I Am Ironman


Barry Armstead appeared in the very first ManSpace magazine, as we took a look inside the observatory he’d built in his own front yard to gaze at the stars. But the keen tinkerer has been busy in the shed since, turning himself into Canberra’s own Tony Stark. Zach Broadhurst explains.

Barry Armstead is a creative mind who always has to have a project on the go, so when he rebuilt his front yard observatory he decided to turn his attentions to the iconic red and gold Ironman suit.

“I’m a bit of a tinkerer in the shed; I love wood work, metal work and learning how to work new materials and textiles,” says Barry.

“I saw the suit online and thought it would be cool to make. Ironman sort of envelops all kinds of mediums to build the suit, but then you have other things like lighting, electronic, animatronics and all that sort of stuff – there are a lot of things to learn along the way.”

As creative as Barry is, a suit like this can’t be built alone, with sophisticated plans and programs needed to make the suit come to life.

“Information-wise there are guys on the internet who are very good at doing the 3D designs,” explains Barry.

“They use pepakura – which is Japanese paper craft – and take a 3D model, scan it, break it down in a program and unfold it. Then it’s all flattened out and adjusted. Tabs are put on it for gluing it together, it goes into a program where you enter in your measurements and scale it to your size. You then print it out on A4 card stock and you just start cutting, folding, gluing and the hardening process starts with fibreglass resin, car body filler and fibreglass mat.”

Barry has built a few of these suits, using cardboard and fibreglass in the past, before moving on to his current steel suit – with the build time differing from one material to the next.

“It all really depends on how fussy you want to be,” says Barry.

“I’ve seen guys do speed builds in a month using foam. I took just over a year to build the fibreglass suit and I never got it finished, I just had the top half done and one leg. With this steel one it’s taking a lot longer, because I’m being a lot more careful and working with steel is a lot harder.”

While progress on his steel suit is coming along nicely there is still more work to be done, with modifications needed and a system of holding the suit together on his body required.

“I’ve got one thigh and two arms to build and then the suit will be complete parts-wise. Then it’s a matter of taking each part one at a time and modifying it to fit properly, to pad it, put in joints and a fastening system to get the thing on and off,” says Barry.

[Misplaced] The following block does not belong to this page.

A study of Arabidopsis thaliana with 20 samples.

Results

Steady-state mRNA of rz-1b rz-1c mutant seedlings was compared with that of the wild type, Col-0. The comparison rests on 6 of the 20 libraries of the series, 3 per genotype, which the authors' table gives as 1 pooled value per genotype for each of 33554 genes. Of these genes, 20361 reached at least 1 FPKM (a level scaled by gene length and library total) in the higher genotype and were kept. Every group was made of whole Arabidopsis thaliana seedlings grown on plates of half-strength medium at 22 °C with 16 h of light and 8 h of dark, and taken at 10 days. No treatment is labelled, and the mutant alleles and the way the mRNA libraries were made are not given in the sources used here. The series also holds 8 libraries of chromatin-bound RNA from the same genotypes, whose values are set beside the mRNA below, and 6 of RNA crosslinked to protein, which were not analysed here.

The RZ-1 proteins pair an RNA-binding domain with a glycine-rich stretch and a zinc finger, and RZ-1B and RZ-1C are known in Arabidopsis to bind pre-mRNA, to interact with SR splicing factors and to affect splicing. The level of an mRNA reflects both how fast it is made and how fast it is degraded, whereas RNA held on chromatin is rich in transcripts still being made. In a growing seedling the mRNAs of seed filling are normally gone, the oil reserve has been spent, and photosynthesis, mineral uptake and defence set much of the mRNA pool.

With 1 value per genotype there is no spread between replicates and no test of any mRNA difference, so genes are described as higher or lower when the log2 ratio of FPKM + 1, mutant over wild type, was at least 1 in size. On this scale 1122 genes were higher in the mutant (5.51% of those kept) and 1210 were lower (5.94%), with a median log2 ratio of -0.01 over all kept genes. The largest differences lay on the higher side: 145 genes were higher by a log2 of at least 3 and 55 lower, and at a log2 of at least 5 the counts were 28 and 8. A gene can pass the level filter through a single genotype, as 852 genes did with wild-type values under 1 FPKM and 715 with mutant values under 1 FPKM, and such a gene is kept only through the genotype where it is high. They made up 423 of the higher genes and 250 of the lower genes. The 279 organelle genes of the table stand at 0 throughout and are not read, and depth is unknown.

There are a number of ways a fastening system can be used within the suit, but no matter which way you go, getting these suits on is definitely a two man job.

“Some people use Velcro systems, some use powerful earth magnets, others use nylon straps and plastic buckles. I’m probably going to use a hybrid, but a lot of it will be bolted using a cordless impact driver,” explains Barry.

“You need another person to help you and if that person knows what they are doing, it will take 20 minutes to get it on.”

There are many difficult elements associated with building a suit like this, especially when needing to make it mobile, but it is often the smallest pieces that can cause the biggest headaches.

“The gloves are the most difficult, because the hands have to be such a perfect fit,” says Barry.

“I guess with the whole suit the most difficult part is making it mobile, because being a rigid suit you’ve got to expect some loss of movement. But in saying that, you’ve got to be able to go to a party and have a drink and scratch your nose. I couldn’t do that in the fibreglass suit, I couldn’t even reach my face, so this one is about tailoring it much closer to the body and being able to move.”

Being mobile in the suit is very important, as Barry plans to wear it inside hospitals and spread some joy to children who are terminally ill.

“I’m interested in getting into the hospitals, because there are kids in there that are stuck in there for life. There are terminally ill, they don’t get to get out, so the only way for them to have fun is if you take the fun to them. Hopefully I won’t scare the hell out of too many of them,” Barry laughs.

While there is still some work to be done on the suit before it’s completely finished, it’s now at the relieving stage for Barry, as all the pieces are starting to fall together.

“It can get very frustrating while you’re building it, because there are so many parts and it’s such a long process and it takes a lot out of you,” Barry explains.

“When you grab all the pieces out of the box, lay them all out and position them into their spots you really start to see the light at the end of the tunnel. I can lay it out and see it almost as a complete suit now and it looks great and that encourages me to keep going.”

With this project coming to a close Barry has already started to think of what will come next; always needing something to keep him busy. And while there may be more suits built in the future, he has some family projects that need attending to.

“There are other suits I’d like to have a go at just for fun, like the suit from the game Crysis. That is a more organic suit, so it will be interesting trying to find the right materials to build that with,” he says.

“I’ve got to build a deck on the house next, but I suppose it will be one project for me and one for the family.”


About Author

Zach Broadhurst

Zach is a journalism graduate who has spent his first few years in the industry writing about music and cage fighting - deciding to move into a safer field.